01/22/2015 05:09 pm ET Updated Mar 24, 2015

What Allergy Patients Need to Know About Immunotherapy

Understandably, many allergy sufferers are searching for a compelling and long-term solution to lessen their symptoms and improve their quality of life. There is one such treatment that, while effective, goes underutilized by the majority of allergy patients: immunotherapy.

Immunotherapy is the most powerful intervention in an allergist's arsenal. Unlike traditional medications, immunotherapy not only reduces symptoms but also has been show to change the natural history of allergic diseases.

Although extremely powerful and cost effective, very few patients choose immunotherapy, with lack of convenience the most commonly cited reason for not undergoing immunotherapy.

Immunotherapy is tailored to each individual based both on a person's allergic history and on skin and laboratory testing results. Immunotherapy is administered over two phases: build up and maintenance. The buildup phase requires once or even twice weekly visits to an allergist's office where a person receives ever-increasing concentration of immunotherapy. Once the person has reached maintenance (the highest dose), they return to the office only once a month.

The buildup phase can take six months or longer. The updosing schedule can take as little as eight weeks assuming patient comes to office three times a week, but can take up to 28 weeks or more if the come less frequently.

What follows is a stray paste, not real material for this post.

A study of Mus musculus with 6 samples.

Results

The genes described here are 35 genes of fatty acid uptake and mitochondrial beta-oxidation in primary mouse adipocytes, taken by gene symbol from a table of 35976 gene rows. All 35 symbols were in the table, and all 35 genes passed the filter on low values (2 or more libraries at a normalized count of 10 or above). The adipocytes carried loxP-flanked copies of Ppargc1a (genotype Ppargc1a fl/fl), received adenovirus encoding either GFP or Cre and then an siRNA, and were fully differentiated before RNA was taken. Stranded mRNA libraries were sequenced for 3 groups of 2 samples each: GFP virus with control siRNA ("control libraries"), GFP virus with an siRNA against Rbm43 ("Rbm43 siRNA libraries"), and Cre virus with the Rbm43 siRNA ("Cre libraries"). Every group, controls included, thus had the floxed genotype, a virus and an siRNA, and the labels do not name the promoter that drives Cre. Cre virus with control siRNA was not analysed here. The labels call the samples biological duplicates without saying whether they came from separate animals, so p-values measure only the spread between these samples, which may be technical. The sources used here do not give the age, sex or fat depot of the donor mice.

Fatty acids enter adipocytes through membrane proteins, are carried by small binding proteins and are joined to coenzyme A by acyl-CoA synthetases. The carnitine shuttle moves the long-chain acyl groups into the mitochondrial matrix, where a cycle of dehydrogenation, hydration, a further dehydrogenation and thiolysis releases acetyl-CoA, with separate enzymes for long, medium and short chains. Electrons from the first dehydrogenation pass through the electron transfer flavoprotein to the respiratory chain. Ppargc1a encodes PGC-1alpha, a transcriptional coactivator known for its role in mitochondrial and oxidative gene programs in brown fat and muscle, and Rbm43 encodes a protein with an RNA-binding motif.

Rush immunotherapy (RIT) is an alternative to traditional immunotherapy and aims to reduce the amount of time in the buildup phase. In RIT, a patient receives injections over the course of four hours that move a patient through 40 percent of the immunotherapy. It potentially removes 20 visits to an allergist's office and saves not only time, but also money.

Patients will need to be evaluated by a physician before beginning rush immunotherapy, as there are some medical conditions that might prevent the patient from undergoing the procedure.

Rush immunotherapy is as safe as conventional immunotherapy. A 2004 meta-analysis of RIT vs. conventional immunotherapy showed similar reaction rates.

Patients interested in rush immunotherapy will need to speak with their allergist about the procedure, and some may encounter difficulty in finding a healthcare provider that offers this treatment. For example, in New York City Hudson Allergy is the only allergy practice in lower Manhattan to offer rush immunotherapy. Finding an allergist that provides immunotherapy is the first step in finding allergy relief.

For those that suffer from allergies, rush immunotherapy can offer several advantages over traditional allergy shots, such as faster relief and fewer difficulties due to shot reactions. Any patient interested in relieving their allergy symptoms should discuss rush immunotherapy with their allergist today.